Releasing Modules

Warning

The V2 module format is currently under development.

Inmanta modules are versioned based on git tags. The current version is reflected in the module.yml file for V1 modules or in the setup.cfg file for V2 modules. The commit should be tagged with the version in the git repository as well. To ease the use inmanta provides a command (inmanta modules commit) to modify module versions, commit to git and place the correct tag.

Development Versions

To make changes to a module, first create a new git branch:

git checkout -b mywork

When done, first use git to add files:

git add *

To commit, use the module tool. This will create a new dev release.

inmanta module commit --patch -m "Fixed small bug"

This command will set the version to the next dev version (+0.0.1dev) and add a timestamp.

The module tool supports semantic versioning. Use one of --major, --minor or --patch to update version numbers: <major>.<minor>.<patch>

For the dev releases, no tags are created.

Release Versions

To make an actual release (without .dev at the end):

inmanta module commit -r -m "First Release"

This will remove the .dev version and automatically set the right tags on the module.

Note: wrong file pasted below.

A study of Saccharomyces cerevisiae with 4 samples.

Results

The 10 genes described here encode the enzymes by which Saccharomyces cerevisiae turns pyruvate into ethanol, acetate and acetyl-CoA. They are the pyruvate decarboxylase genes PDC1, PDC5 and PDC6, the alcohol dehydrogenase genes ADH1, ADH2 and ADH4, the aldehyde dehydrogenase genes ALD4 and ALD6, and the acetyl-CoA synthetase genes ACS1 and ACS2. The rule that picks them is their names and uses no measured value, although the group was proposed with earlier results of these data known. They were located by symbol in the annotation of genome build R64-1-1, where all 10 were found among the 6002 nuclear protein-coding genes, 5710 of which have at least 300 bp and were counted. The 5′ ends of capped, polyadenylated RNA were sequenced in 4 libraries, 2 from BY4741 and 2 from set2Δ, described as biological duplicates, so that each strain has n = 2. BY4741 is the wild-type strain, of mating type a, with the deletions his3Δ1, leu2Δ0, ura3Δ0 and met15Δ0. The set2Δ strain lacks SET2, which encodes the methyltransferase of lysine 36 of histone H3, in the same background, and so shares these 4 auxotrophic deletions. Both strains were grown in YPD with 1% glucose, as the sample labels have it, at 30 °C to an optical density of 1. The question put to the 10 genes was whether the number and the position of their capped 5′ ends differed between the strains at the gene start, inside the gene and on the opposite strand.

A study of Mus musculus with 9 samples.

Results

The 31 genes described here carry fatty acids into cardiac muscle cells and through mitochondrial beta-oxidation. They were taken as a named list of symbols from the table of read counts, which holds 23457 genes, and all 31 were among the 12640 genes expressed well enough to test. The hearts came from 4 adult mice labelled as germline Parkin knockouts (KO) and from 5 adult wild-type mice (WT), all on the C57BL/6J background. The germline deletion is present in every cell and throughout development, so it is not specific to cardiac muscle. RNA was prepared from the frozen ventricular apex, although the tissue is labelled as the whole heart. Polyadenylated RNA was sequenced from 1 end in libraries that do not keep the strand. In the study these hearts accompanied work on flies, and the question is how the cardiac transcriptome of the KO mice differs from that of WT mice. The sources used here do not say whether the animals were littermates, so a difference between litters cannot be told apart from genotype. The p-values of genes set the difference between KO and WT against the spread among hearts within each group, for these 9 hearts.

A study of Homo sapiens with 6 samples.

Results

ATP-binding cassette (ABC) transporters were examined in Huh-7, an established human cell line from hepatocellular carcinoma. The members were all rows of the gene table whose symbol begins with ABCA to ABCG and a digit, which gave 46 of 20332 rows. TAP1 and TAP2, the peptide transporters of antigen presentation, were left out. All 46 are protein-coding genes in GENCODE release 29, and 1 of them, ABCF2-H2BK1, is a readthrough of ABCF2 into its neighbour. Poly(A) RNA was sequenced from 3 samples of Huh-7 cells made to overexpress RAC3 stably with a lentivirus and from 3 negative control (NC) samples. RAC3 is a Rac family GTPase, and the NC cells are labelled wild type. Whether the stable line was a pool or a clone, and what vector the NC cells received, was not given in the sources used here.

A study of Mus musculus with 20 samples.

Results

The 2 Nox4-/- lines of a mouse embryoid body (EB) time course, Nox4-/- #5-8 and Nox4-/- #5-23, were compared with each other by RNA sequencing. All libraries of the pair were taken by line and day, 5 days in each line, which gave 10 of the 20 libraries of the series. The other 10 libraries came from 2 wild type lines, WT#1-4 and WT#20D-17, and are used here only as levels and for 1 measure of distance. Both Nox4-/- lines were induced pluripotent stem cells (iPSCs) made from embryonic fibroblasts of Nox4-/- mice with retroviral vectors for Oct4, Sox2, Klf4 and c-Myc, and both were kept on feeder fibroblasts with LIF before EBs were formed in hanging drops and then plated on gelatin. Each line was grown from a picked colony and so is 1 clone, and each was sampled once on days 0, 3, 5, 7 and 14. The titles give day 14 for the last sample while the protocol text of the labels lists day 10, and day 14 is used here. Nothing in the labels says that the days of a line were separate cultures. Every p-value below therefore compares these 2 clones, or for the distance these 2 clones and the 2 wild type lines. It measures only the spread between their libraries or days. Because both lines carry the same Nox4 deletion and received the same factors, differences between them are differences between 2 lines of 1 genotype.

To automatically freeze all dependencies of this module to the currently checked out versions

inmanta module freeze --recursive --operator ==

Or for the current project

inmanta project freeze --recursive --operator ==

Distributing Inmanta modules

Inmanta modules can be distributed in two different ways: using a Git repository (V1 modules) or using a Python package (V2 modules).

Git repository distribution format

Distributing a V1 module using a Git repository happens by storing the source code of that module on a Git repository that is accessible by the Inmanta orchestrator. The orchestrator will clone the source code of the module and install it in the Inmanta project.

Python package distribution format

Modules defined in the V2 module format can be distributed as a Python package. Run the inmanta module build command in the source directory of a module to build a Python Wheel from that module. The resulting package is stored in the dist directory of the module. The Python packages should be stored on a Python package repository, reachable by the orchestrator. Uploading packages to the package repository should be done with the appropriate tool for the specific repository at hand.